Geothermal resource find on South Island, New Zealand


The New Zealand Herald reported on May 18th that University of Otago researchers have made a surprise discovery of a tremendous geothermal resource that could transform the West Coast’s economy. A team of more than 100 scientists from 12 countries, led by Otago University, Victoria University and GNS Science, drilled nearly 900m (3000 ft) into the South Island’s Alpine Fault, with the aim of better understanding how earthquakes occur along geological faults zones.

What they found beneath the ground at the site in Whataroa, north of Franz Josef Glacier, surprised everyone. At 630m (2,050 ft) deep they discovered water hot enough to boil. Such temperatures would typically be found at depths greater than 3km (9,800 ft). Ironically, the finding actually interrupted the researchers’ original aims, as such temperatures were damaging to their scientific equipment. However, it opened up the exciting possibility there was a significant and sustainable energy resource beneath the ground that no one expected to find.

Development West Coast chief operating officer Warren Gilbertson was excited about the find. He stated, ”The discovery could transform the economy and resilience of Westland, and provide a significant and sustainable clean energy resource that could be developed using local people and equipment. The location of geothermal activity and its possible benefit and association to the dairy and tourism sectors provide real opportunities from an economic perspective.” The results of the project, published today in the prestigious international journal Nature, discuss the site’s geothermal gradient, a measure of how fast the temperature increases going deeper beneath the Earth’s surface.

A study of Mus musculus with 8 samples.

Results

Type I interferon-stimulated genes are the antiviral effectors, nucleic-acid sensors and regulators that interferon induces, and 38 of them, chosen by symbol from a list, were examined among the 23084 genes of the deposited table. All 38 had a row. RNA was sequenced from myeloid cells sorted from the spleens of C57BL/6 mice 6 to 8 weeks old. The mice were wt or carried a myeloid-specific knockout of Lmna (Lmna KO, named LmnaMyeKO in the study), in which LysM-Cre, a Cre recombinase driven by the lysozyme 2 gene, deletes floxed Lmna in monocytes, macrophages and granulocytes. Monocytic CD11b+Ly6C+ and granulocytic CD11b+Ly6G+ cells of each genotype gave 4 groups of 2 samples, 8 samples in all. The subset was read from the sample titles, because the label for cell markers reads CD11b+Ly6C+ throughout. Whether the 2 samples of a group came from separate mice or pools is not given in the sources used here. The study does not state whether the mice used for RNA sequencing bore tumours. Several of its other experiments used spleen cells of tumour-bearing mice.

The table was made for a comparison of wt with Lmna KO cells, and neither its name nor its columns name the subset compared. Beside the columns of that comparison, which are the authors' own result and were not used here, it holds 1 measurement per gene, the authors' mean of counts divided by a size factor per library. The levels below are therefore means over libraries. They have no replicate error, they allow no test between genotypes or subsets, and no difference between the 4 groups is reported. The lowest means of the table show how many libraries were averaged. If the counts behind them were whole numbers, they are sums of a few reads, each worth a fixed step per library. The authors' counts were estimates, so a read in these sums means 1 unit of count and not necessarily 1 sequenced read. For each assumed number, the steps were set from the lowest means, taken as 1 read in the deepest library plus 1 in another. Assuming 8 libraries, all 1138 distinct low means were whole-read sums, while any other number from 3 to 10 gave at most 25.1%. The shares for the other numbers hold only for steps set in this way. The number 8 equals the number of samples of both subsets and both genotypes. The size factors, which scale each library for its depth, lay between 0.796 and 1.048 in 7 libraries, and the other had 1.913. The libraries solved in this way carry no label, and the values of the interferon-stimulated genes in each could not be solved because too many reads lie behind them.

Otago University’s Dr Virginia Toy, one of the lead researchers, said what they found was likely to be unique globally. ”I’m not aware of another fault in the world that has yielded such a high thermal gradient,” Dr Toy said.

The same tectonic forces pushing up the Southern Alps created the extreme temperatures. These forces pushed up hot rocks from 30km (19 miles) deep so quickly that they did not have a chance to cool properly. On top of that, the rain and snow falling on the Southern Alps was flowing deeper into the earth’s crust and then rising closer to the surface, in a siphon effect, bringing the heat with it. She was as surprised as the other scientists by what they had found. Before the drilling, which took place in 2014, she published research estimating temperatures could be as high as 40 C at 1 km (3,900 ft), when what they found was 120 C.

Lead scientist, Victoria University’s Professor Rupert Sutherland said the geothermal conditions discovered were comparable to those in major volcanic centres like Taupo but there were no volcanoes in Westland. Professor Sutherland stated that, ”The geothermal environment is created by a combination of tectonic movement and groundwater flow. Earthquakes fracture the rocks so extensively that water is able to infiltrate deep beneath the mountains and heat becomes concentrated in upwelling geothermal fluids beneath valleys. River gravels that are flushed by abundant West Coast rain and snow dilute this geothermal activity before it reaches the surface.” He emphasized how unexpected the finding was and added, ”Nobody on our team, or any of the scientists who reviewed our plans, predicted that it would be so hot down there. This geothermal activity may sound alarming but it is a wonderful scientific finding that could be commercially very significant for New Zealand.”